One of the surprise stalwarts for the 2011 Johnson City Cardinals was Kyle Hald. I’ve mentioned his impressive command during his time there last year when he walked just 12 batter sin 53.2 innings. That’s a walk rate around 2 per 9 IP. Hald was old for his level but the command was still noteworthy.
What may have been overlooked was the 2011 work of Seth Maness, which was split between Batavia, Quad Cities and Palm beach. Maness clearly out-controlled Hald during his 53 innings of work walking just 5 batters. Now, Maness finds himself in the midst of a 34 inning walkless streak. (He ended 2011 with 5.2 walkless innings so you can mentally tack those onto the streak if you’d like.)
Maness’ FIP shows the results of the absence of walks. In 2011, his FIP was around 2.00 across all three levels. Heading into 2012, we may be seeing some signs for concern. Maness still has excellent control (have I mentioned he hasn’t issued a walk in 34 innings?) but his strikeout rate has slipped from 7K per 9IP to below 6K per 9IP.
In college, Maness’s control was good. He pitched right around 100 innings each of his four seasons at East Carolina University. From 2008-2011, he walked 20, 18, 16 and 17 respectively. That’s about 1.5B per 9IP. So this control isn’t anything new. His mid-7′s strikeout rate in college made for a nice combination of putting batters away without any freebie passes.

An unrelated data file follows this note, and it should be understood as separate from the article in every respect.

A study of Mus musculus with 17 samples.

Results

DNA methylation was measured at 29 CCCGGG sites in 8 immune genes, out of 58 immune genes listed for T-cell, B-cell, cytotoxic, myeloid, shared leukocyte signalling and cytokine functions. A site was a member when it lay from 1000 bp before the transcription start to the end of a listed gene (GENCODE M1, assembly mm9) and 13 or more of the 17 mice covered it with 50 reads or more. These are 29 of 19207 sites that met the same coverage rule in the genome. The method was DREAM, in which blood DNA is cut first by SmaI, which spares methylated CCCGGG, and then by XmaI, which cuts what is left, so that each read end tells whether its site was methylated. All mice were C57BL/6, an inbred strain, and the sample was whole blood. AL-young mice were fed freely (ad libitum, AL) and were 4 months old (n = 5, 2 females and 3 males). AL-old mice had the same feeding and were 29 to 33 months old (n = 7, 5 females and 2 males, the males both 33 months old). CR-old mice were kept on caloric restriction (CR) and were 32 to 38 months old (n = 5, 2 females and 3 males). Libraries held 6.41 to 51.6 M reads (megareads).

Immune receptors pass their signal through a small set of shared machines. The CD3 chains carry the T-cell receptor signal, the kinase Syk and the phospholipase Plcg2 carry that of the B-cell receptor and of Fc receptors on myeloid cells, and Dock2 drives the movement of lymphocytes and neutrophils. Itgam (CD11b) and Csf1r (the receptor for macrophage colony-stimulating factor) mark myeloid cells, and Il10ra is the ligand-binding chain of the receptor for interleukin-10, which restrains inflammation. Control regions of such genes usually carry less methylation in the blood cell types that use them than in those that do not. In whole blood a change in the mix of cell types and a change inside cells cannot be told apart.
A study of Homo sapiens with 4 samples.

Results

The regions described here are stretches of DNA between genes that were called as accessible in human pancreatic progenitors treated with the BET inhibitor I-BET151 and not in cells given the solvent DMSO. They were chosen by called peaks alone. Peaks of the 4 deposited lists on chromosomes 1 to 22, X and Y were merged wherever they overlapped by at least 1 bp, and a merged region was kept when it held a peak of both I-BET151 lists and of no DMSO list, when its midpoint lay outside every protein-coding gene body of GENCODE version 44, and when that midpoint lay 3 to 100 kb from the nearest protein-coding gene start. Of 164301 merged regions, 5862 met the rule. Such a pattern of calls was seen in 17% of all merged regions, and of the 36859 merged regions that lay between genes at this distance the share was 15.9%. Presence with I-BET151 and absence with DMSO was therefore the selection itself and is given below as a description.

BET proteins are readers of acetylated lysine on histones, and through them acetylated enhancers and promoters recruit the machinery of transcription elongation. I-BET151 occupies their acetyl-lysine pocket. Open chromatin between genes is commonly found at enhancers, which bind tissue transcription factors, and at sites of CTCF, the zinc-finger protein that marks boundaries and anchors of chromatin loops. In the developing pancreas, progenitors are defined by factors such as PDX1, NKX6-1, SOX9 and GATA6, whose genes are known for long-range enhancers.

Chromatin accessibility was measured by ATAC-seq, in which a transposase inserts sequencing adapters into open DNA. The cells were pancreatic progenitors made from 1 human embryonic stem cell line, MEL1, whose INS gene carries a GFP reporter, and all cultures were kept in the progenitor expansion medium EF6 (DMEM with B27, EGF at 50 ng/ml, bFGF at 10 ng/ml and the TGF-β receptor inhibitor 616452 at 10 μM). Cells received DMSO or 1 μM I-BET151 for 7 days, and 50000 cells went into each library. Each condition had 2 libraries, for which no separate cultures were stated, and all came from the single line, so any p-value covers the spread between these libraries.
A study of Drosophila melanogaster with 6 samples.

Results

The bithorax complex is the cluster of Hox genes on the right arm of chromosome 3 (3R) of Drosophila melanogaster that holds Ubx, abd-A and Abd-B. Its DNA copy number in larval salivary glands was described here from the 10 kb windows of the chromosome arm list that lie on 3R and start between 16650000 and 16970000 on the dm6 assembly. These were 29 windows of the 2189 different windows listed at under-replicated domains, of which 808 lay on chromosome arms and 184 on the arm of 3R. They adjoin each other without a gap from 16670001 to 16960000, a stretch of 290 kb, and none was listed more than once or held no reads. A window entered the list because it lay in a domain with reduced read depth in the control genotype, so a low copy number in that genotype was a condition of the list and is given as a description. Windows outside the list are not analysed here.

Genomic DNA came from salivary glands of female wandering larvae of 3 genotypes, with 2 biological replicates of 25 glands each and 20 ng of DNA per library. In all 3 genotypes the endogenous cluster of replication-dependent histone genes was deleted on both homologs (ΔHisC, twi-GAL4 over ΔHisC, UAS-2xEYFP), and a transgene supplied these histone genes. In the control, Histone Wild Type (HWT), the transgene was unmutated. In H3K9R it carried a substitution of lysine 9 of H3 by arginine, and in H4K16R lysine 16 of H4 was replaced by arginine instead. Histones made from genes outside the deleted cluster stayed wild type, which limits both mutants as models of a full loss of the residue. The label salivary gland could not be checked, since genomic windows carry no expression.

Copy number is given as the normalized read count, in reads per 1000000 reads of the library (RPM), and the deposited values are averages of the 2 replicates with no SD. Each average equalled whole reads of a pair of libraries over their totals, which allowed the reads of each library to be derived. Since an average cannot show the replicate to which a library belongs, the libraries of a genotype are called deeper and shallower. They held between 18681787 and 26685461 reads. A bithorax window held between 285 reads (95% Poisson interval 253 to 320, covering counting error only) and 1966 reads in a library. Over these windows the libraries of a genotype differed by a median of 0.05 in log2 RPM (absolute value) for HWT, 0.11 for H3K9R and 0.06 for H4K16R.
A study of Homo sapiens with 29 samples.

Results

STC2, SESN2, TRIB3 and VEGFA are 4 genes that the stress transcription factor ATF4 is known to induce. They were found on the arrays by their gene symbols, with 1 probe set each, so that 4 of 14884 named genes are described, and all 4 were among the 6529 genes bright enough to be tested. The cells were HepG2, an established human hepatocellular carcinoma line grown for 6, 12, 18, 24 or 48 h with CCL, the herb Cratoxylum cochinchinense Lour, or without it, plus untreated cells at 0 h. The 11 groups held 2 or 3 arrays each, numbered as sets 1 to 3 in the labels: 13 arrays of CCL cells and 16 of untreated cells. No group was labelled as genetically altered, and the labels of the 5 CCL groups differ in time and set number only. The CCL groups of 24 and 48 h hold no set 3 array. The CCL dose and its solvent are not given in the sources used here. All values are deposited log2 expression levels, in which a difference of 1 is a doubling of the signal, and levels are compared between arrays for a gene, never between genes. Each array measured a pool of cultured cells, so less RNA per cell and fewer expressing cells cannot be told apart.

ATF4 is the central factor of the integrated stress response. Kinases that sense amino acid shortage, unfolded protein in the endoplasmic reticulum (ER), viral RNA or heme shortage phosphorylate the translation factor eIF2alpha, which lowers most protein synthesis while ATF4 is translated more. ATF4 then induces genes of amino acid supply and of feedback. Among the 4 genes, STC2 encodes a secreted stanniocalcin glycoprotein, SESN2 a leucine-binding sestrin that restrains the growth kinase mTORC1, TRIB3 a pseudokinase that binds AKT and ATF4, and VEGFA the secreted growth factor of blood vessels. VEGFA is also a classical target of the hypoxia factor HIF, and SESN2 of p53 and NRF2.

In professional baseball, Maness will need to find a way to do the same. It’s not a good sign to see the strikeout rate slip in his sophomore season. That said, it’s not a death sentence either. In 2011, among qualified starters with a walk rate below 2BB per 9, there were four pitchers with a strikeout rate below 5K per 9IP: Josh Tomlin, Carl Pavano, Jeff Francis and Mark Buerhle. (With a walk rate just over 2, Bronson Arroyo also fits this list.) These players are the exception and not the rule however.
Maness remains an interesting player to watch, and his walkless streak is certainly something we’ll keep an eye on and something he should be proud of, but starting pitchers in the big leagues strike batters out. Pitching prospects in the minor leagues, at least the ones that are considered future MLB players, strike batters out. So while we watch the walkless streak, keep the strikeout rate in the corner of your vision — you bet that talent evaluators are.